Clia’s annual cruise review reveals record numbers of UK passengers, Natasha Salmon looks at cruise’s growing popularity among package holidaymakers
Cruises can offer an alternative to package holidays as customers focus on inclusivity and revisit favoured destinations, industry experts say.
New figures show one in nine cruise customers in 2016 were former package holidaymakers and 53% chose destination as one of the top three priorities when booking a cruise.
Following Clia’s annual cruise review, Giles Hawke, chief executive of Cosmos Tours and Avalon Waterways, said cruise could be the new ‘package alternative’.
He said: “In the past few years package numbers have stayed the same but there will now be a shift to cruise.
“Cruise agents and operators are creating options for customers, allowing them to have a cruise as part of a wider holiday.”
Andy Harmer, Clia’s senior vice-president for membership and director for UK and Ireland, said it was also about customers wanting ‘personalised’ experiences.
“People want their needs and party sizes met, as well as the peace of mind that once the holiday is booked it includes spending budget,” he said.
Clia’s review revealed customers’ top three reasons for choosing a cruise were destination or itinerary (53%), a previous sailing with the line (42%) and value (34%).
Phil Nuttall, managing director of The Cruise Village, said: “There is a package element to cruising as people look to inclusivity, but for most customers it is about their favourite destinations and ships.”
First-time cruisers were down 2% on last year to 31%, but Clia chairman Stuart Leven said agents were “hitting the mark” by finding customers’ best options as repeat business rises.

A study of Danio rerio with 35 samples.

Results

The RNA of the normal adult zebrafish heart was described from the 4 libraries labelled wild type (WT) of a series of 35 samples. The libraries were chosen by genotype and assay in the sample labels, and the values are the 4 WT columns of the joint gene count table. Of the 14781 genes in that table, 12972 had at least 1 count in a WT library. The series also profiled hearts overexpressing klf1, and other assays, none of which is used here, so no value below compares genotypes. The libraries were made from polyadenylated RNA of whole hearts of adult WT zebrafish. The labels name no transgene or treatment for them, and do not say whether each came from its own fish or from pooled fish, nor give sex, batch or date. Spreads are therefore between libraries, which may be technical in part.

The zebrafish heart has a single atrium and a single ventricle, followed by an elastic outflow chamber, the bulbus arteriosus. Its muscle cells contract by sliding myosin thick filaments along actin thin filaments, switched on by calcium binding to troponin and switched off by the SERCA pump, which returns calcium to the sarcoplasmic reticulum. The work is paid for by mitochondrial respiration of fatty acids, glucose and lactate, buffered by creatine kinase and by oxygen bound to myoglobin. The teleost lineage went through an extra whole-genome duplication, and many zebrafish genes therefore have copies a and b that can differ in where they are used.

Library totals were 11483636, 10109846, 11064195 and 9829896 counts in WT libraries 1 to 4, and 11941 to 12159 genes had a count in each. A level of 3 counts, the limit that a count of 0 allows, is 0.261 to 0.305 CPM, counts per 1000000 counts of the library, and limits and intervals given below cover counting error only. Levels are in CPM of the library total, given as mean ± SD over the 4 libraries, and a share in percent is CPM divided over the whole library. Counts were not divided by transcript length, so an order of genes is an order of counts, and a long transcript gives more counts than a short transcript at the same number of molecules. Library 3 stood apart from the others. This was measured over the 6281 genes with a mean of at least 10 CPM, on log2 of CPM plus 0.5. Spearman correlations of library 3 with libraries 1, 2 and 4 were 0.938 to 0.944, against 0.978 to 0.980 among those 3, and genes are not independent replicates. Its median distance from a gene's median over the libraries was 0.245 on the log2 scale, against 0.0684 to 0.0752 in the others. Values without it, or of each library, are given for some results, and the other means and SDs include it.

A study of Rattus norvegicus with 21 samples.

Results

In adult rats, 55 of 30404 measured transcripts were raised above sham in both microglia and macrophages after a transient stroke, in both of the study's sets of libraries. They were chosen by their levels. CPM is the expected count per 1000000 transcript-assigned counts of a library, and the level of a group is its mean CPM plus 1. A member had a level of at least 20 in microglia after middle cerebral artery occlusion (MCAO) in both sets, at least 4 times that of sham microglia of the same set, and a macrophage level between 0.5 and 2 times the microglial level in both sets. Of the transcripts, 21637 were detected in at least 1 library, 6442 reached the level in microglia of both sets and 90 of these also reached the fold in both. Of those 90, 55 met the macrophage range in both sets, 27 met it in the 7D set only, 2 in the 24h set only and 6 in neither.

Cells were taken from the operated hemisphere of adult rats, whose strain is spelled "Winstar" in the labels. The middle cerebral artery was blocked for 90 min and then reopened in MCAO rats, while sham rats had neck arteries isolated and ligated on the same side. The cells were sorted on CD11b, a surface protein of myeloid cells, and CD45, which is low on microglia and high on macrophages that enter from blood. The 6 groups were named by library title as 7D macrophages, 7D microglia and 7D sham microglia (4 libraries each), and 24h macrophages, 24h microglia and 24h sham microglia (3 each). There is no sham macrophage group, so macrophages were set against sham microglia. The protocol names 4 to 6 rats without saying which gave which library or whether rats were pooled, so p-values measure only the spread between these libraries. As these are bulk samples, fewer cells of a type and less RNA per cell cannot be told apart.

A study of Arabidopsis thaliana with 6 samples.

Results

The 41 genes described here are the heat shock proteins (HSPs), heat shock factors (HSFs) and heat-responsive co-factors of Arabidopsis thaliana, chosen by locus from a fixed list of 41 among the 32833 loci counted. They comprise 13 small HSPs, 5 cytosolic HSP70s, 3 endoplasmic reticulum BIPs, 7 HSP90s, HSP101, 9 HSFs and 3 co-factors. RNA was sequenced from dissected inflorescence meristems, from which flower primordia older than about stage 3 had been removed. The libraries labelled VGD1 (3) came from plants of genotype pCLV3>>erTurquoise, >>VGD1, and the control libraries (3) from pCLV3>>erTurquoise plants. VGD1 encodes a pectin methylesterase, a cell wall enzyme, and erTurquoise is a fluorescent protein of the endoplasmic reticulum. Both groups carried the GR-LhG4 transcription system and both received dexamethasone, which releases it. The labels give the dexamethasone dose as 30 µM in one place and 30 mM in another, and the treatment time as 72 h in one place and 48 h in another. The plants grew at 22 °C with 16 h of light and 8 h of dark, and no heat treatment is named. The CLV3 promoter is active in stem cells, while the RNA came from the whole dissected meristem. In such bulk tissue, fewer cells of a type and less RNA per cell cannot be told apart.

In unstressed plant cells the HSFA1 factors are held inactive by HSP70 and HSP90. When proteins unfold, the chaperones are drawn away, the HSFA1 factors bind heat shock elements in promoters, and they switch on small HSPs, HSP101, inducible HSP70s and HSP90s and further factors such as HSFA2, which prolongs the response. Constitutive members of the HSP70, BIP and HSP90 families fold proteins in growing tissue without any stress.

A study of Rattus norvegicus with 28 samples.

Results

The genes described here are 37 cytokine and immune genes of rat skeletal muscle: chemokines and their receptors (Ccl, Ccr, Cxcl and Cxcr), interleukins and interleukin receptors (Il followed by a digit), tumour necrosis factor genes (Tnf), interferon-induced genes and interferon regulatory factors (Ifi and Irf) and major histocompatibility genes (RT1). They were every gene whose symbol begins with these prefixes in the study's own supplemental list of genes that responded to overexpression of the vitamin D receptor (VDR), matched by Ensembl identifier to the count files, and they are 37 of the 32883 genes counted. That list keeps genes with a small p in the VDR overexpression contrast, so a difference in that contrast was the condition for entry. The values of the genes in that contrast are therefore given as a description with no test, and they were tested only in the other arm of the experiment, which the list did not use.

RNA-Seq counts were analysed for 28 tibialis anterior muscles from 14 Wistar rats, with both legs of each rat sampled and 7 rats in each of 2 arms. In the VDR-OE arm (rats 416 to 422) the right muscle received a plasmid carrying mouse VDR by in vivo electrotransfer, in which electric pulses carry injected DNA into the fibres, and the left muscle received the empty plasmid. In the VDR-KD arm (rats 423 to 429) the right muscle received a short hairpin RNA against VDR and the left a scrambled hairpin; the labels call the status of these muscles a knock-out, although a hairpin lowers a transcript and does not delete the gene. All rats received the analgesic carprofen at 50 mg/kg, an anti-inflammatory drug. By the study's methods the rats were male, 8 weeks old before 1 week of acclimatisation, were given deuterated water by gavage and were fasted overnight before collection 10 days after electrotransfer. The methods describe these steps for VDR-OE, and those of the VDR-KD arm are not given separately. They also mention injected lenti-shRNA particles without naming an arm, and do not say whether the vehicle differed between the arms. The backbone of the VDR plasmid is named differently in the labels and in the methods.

Leven, vice-president of Europe, Middle East and Africa for Royal Caribbean Cruises, said: “People who have cruised once want to cruise again, but it’s the travel trade that is getting the cruise choice right to begin with.”
Fly-cruises remain the most popular, but ex-UK itineraries hit a record high with 48.3% of passengers choosing to sail from one of the UK’s 19 ports.
Harmer said ex-UK has grown “dramatically” in the past five years as people seek to start holidays closer to home.
Hawke said an increase in ocean lines sailing from UK ports was a “great sign” and the competition has “driven huge innovation”.
Nuttall said agents had driven UK customers to book earlier, with many doing so up to two years in advance. Clia figures found 48% of passengers booked between six months to more than a year ahead of their cruise.
River cruise was actively sold by 80% of travel agents in 2016, an 11% increase on 2015.
Harmer said this was “incredibly exciting” and that he has seen growing confidence and knowledge among agents, while Leven said river cruising remains a “few years behind” but will catch up as agents’ understanding improves.